The study was published online on June 26 in the leading biomedical journal Nature Biotechnology.
 
To date, scientists have had little quantitative information regarding the kinetics with which signaling networks assemble and dissolve, and had thought protein complexes to be fairly static. It has been especially difficult to assess the role and effects of adaptor proteins that link activated receptors to their cytoplasmic effectors.
 
“To address this problem, we designed and employed a large-scale mass spectrometry assay coupled with affinity purification of protein complexes, which was used to investigate quantitative changes in proteins interacting with the adaptor protein GRB2, an important hub protein in growth factor signaling,” said Dr. Nicolas Bisson, first author of the study and a post-doctoral fellow at the Samuel Lunenfeld Research Institute of Mount Sinai Hospital. Dr. Bisson noted that the AP-SRM method can measure and quantify large numbers of proteins as well as the dynamics by which they interact.
 
After determining the network of proteins that interact with GRB2, the researchers used the AB SCIEX QTRAP® 5500 mass spectrometer coupled to a Eksigent nanoLC Ultra + cHiPLC Nanoflex liquid chromatography system to quantify all of the proteins comprising the extended GRB2 interaction network in a single assay. The assay was employed to address the dynamics with which 90 of the GRB2-associated proteins assemble in response to growth factors that signal through tyrosine kinase receptors.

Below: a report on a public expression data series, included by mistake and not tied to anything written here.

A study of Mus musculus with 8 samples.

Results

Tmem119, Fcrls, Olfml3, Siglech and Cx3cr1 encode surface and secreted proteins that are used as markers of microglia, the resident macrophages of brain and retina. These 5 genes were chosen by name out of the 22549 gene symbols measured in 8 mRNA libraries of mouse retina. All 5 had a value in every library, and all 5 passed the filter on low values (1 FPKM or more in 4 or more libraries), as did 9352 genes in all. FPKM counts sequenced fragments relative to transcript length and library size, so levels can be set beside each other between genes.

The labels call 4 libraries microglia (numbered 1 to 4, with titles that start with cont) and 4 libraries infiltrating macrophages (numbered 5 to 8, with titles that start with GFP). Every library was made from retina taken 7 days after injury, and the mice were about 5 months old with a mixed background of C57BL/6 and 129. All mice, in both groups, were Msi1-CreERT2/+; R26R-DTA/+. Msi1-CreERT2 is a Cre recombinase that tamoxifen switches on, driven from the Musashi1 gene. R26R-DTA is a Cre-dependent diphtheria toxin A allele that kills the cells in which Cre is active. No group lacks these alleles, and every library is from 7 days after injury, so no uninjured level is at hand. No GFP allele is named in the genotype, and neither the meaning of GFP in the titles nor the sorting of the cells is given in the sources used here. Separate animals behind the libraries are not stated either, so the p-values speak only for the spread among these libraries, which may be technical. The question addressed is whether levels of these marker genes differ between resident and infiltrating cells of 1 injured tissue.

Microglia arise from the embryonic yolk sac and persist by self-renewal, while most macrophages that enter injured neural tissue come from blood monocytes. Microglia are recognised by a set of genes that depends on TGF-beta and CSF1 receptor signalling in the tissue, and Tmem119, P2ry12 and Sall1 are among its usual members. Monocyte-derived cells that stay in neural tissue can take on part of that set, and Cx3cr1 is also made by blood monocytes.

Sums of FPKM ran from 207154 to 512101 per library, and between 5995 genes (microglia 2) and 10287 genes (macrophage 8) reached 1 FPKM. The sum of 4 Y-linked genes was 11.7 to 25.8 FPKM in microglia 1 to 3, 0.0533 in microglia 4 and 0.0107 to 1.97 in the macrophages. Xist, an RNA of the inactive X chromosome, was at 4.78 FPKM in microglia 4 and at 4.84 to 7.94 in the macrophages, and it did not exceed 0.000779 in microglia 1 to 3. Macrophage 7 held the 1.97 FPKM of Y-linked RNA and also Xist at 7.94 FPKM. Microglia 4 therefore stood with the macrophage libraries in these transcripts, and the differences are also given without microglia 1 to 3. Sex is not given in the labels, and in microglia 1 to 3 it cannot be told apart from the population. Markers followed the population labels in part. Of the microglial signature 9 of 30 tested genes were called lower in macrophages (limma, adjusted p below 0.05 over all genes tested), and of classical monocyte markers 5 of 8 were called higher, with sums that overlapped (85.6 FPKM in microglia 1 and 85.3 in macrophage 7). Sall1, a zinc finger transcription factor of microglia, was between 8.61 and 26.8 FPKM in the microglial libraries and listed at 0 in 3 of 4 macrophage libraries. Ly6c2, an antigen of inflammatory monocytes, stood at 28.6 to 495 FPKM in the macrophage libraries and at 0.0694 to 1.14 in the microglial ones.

“AB SCIEX has had a long-standing collaboration with the Samuel Lunenfeld Research Institute, which has some of the top biomedical researchers in the world,” said Dave Hicks, Vice President and General Manager of the Pharma and Omics Business at AB SCIEX. “Their trust in using our QTRAP 5500 System and Eksigent technology to develop and conduct an innovative multiple reaction monitoring-based technique for high specificity helped uncover previously unseen kinetic insight into protein interactions, which could lead to pushing the limits in disease research.” 
 
Traditional mass spectrometry studies, focused solely on identifying proteins at a given point in time, do not provide scientists dynamic and contextual data associated with protein assemblies. This new quantitative analysis allowed the study group to, for the first time, identify the distinct GRB2-containing complexes that form upon stimulation by different growth factors, and how these complexes change over time. 
 
“These results underscore the precision that can be achieved with SRM measurements in deciphering the dynamic temporal behaviour of protein interaction networks,” said Lorne Taylor, study co-author from the Ontario Proteomics Methods Centre at the Lunenfeld. “With this method, we also revealed that different GRB2-binding partners have distinct kinetics of complex formation. GRB2 shows remarkable versatility in growth factor signaling and is involved in the formation of a myriad of highly specific protein complexes.”
 
“By focusing on key hub proteins we have identified, this AP-SRM method can be easily extended to obtain a truly quantitative view of the dynamics of signaling networks in cells stimulated by various classes of extracellular signals, said Dr. Bisson. “As well, we can compare these changes, for example, between normal and cancer cells.”
The study was funded by the Ontario Ministry of Research and Innovation, Genome Canada through the Ontario Genomics Institute, Canadian Institutes of Health Research, Terry Fox Research Institute/Ontario Institute for Cancer Research and the Canadian Cancer Society Research Institute.